Swamp Thing may look like a monster, but he's actually the hero. In fact, much of the DC character's original comic book run written by Len Wein and drawn by Bernie Wrightson focuses on that very purple prose idea that "the true monster is man." Naturally, the 2019 TV series Swamp Thing also gives us plenty of reasons to both trust and empathize with him.

It's not too difficult to feel for Swamp Thing. We come into his story believing he was once a man named Alec Holland (Andy Bean) who'd been mortally injured and transformed into giant, green beast who lurks the swamps of Marais, Louisiana. Swamp Thing is battling mysterious evils and trying to work with and care for Abby Arcane (Crystal Reed). So in all those ways Derek Mears, the actor who plays Swamp Thing, has plenty to work with when cultivating a sympathetic character.

However, Mears has played other, less sympathetic monsters over the years. Perhaps most notably, Mears donned the iconic hockey mask and skulked around Crystal Lake as Jason Voorhees in the 2009 remake of Friday the 13th.

Looper recently sat down with Mears to figure out if, unlike other slasher movie monsters like Freddy Krueger or Michael Myers, Jason can be viewed as sympathetic. 

Here's why Jason Voorhees just wants to be left alone

"I did a lot of research, when I played Jason, about child psychology," said Mears in an exclusive interview with Looper. "Being that he saw his mother get murdered in front of him at such a young age, I explored what the psychological ramifications were — that kid was rejected by society and his only love is from his mother."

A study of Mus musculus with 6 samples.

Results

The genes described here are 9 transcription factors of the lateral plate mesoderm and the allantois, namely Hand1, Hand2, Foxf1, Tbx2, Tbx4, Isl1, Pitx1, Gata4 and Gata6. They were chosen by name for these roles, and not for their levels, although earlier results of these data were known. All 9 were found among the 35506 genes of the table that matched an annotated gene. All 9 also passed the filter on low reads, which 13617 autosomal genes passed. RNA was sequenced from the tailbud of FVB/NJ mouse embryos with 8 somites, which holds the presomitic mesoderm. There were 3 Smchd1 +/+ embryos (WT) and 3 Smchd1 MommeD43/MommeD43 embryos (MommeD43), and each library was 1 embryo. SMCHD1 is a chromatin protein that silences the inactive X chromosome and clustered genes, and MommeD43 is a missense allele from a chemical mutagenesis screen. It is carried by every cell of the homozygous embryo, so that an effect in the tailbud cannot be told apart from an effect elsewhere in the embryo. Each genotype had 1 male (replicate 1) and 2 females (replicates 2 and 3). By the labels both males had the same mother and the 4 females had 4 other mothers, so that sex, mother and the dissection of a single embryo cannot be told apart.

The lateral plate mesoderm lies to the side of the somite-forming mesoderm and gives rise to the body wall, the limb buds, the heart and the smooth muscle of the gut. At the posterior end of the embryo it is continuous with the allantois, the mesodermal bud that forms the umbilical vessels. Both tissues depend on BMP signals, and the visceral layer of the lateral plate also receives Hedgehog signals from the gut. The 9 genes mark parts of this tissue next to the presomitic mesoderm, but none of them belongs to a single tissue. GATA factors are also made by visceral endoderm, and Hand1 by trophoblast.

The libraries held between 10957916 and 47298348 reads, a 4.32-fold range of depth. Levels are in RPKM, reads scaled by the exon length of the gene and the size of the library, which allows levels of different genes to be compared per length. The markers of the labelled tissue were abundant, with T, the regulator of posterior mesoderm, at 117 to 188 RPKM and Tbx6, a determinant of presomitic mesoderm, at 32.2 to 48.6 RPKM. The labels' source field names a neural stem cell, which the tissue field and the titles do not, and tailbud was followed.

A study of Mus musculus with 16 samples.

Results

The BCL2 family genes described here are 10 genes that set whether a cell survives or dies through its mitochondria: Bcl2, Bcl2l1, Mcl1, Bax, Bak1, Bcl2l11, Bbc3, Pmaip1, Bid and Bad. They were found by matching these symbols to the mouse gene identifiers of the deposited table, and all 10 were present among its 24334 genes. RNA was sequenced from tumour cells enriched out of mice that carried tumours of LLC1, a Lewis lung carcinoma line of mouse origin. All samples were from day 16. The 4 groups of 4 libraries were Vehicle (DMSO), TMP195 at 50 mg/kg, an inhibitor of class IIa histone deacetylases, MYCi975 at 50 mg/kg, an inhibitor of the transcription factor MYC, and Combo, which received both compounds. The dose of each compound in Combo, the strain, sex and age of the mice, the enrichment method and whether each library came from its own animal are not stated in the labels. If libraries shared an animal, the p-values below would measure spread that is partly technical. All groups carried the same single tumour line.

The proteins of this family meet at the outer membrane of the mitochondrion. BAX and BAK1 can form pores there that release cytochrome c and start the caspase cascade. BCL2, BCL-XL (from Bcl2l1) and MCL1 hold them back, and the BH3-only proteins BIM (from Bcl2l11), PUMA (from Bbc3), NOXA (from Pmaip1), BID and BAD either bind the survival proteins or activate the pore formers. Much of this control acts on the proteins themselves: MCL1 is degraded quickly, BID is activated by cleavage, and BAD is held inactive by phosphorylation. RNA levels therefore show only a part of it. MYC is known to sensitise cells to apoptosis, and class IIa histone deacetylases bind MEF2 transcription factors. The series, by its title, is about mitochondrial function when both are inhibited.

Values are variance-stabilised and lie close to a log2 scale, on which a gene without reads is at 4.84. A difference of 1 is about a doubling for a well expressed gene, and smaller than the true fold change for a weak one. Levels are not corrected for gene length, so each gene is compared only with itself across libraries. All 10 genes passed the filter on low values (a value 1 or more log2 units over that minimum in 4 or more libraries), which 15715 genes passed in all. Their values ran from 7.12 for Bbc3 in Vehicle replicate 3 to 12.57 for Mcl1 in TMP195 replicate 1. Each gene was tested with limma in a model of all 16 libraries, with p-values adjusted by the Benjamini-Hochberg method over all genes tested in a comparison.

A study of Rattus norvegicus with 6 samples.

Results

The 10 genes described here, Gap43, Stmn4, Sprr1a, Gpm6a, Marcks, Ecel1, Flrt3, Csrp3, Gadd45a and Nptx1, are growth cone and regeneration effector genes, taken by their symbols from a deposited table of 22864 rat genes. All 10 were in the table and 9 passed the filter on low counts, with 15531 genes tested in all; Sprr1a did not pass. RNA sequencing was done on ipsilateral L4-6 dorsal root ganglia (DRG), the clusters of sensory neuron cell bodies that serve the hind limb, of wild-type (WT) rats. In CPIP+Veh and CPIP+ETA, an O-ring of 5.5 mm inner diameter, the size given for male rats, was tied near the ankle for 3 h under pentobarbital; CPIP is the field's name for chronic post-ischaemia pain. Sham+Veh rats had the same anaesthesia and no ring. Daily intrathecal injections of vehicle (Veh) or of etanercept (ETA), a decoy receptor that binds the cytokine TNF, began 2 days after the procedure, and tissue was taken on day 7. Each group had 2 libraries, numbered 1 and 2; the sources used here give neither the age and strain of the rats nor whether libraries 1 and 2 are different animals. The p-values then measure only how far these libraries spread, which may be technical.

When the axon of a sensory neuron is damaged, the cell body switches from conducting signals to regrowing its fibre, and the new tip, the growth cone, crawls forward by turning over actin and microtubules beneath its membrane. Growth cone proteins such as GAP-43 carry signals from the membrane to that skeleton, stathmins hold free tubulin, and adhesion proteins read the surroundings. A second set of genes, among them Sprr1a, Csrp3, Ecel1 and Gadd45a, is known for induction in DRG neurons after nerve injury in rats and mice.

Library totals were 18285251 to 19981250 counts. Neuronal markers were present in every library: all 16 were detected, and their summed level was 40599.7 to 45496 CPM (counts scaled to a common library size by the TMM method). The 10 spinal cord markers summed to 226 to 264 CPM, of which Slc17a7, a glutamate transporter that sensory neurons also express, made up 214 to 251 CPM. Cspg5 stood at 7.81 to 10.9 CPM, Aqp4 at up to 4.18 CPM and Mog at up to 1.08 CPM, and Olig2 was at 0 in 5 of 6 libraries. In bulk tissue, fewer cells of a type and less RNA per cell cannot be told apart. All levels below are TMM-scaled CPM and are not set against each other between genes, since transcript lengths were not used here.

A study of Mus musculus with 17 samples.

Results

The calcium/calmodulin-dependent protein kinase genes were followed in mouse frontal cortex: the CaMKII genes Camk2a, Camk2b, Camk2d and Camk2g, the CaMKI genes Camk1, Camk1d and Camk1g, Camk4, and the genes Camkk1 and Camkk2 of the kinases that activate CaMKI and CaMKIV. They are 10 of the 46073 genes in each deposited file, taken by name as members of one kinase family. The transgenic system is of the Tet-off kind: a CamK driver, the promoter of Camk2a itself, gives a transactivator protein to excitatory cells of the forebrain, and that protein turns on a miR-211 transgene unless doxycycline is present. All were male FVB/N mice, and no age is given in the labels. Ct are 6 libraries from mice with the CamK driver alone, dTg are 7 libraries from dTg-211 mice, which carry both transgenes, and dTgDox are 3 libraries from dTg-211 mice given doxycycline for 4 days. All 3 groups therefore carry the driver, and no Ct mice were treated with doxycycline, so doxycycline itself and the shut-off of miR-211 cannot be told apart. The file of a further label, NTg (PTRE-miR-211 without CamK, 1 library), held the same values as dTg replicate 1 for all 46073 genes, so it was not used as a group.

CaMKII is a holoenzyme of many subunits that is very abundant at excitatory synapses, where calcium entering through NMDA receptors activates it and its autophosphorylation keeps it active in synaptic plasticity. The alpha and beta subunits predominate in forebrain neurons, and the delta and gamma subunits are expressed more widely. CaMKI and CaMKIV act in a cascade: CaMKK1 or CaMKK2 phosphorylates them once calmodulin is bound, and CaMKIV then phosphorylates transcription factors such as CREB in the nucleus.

According to Mears, long-time fans of the Friday the 13th series picked on the subtle humanity and isolation of his take on Jason. 

"I'm really happy that people picked up the emotion for some of the kills, the passion behind them," said Mears. "It's almost like a Vietnam flashback or a flashback to a tragedy where these kids, rather than just killing them willy-nilly, it's almost like these kids have just killed his mother. They didn't, but in his mind, that's what it is. They just killed his mother, his only source to love."

It's absolutely true within Friday the 13th continuity that Jason Voorhees is alone most of his life. Because of his physically noticeable disability, he's ignored by the counsellors at Crystal Lake and mocked by his fellow campers ... until his mother Pamela Voorhees (Nana Visitor) goes on a killing spree herself, resulting in her death.

When it comes to that type of trauma, Mears sees a kind of universality in Jason's pain. "We all have that. You're not trying to be tough. You're not trying to show them, 'I want to beat you up.' We have that raw emotion of pain and anger that, 'You've hurt something that I love,' and you want to unleash that on whoever did that to stop [them]. And that's the approach I did with Jason, where he wants to be left alone."

The complete Friday the 13th boxset is currently available through Shout Factory, and Swamp Thing is airing now on the CW.